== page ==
What is an ATRO?

If you and your spouse are separating or filing for divorce in Clinton Township, Michigan, it is natural to be concerned about the balances in your joint accounts and other marital assets. Since they are accessible by both of you, you may believe you cannot prevent your spouse from withdrawing money, transferring it to a private account or borrowing against a marital property. However, these acts have the potential to reduce the amount left to be equitably divided. An Automatic Temporary Restraining Order, or ATRO, is a court order that protects marital property from this type of action.

Can men get alimony?

As women attain more success in the workplace, some husbands have changed over to the role of homemaker or make significantly less than their souse. If you are in this situation, and you are thinking about getting a divorce or are in the process of one here in Michigan, you may not realize that you may be eligible for alimony.

Relocation of a child may require a judge’s approval

In Michigan, custody issues can arise when one of the changes in a parent’s life has the potential to affect the child’s relationship with the other parent. Michigan custody guidelines indicate that a relocation does not always require a custody modification, but the parent must seek the judge’s approval if the move is more than 100 miles from the current home, or if the new residence is outside the state of Michigan.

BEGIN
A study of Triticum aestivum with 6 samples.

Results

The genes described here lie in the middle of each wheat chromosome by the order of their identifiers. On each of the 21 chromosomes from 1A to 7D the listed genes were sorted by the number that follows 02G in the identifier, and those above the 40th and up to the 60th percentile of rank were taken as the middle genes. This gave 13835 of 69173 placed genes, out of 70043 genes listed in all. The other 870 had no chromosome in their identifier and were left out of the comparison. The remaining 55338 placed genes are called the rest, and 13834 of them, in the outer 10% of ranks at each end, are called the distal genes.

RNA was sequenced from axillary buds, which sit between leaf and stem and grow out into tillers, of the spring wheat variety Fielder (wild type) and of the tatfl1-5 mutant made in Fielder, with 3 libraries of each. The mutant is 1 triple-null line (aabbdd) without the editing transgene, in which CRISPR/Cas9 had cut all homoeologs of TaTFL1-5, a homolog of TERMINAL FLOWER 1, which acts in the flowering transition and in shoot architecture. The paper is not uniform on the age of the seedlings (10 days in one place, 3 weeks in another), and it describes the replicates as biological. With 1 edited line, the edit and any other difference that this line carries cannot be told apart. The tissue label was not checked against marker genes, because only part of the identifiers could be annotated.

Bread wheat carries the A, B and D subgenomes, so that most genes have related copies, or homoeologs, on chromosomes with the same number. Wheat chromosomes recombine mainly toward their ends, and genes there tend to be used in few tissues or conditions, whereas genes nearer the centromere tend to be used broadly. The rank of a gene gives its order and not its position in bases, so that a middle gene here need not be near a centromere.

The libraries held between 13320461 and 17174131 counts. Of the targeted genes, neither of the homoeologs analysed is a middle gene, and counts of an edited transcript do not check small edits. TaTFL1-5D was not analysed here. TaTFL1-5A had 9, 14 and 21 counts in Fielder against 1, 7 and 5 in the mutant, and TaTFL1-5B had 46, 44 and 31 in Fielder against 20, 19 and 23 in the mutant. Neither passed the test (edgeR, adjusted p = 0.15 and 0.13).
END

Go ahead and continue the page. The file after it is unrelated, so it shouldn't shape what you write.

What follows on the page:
When can I file for alimony modification in Michigan?

After your final court order in your divorce, the spousal support that you are awarded is set. The purpose of this financial support is to help you become self-sufficient without seriously affecting your standard of living. According to the Michigan Supreme Court rules, you must prove that you need spousal maintenance and that your spouse is able to pay it. When factors change after the divorce, it may be possible for you to go back to court to request a modification as long as you did not agree to non-modifiable spousal support in the divorce settlement.

Some predict challenges for same-sex marriages in Michigan

Although 37 states and Washington D.C. already recognized same-sex marriages before the historic Supreme Court ruling on June 26, 2015, Michigan was not one of them. Without legal recognition, a same-sex couple did not have the rights, privileges and protections associated with marriage, such as health care coverage, adoption and Social Security survivor benefits. Although a marriage license is now available to couples of any gender, opponents predict that the decision will only lead to more litigation.

Lorrie J. Zahodnic

"I will hold you up until you can stand on your own two feet."

Lorrie J. Zahodnic, P.C. has provided skilled and compassionate legal guidance to Michiganders in family law matters for over 20 years.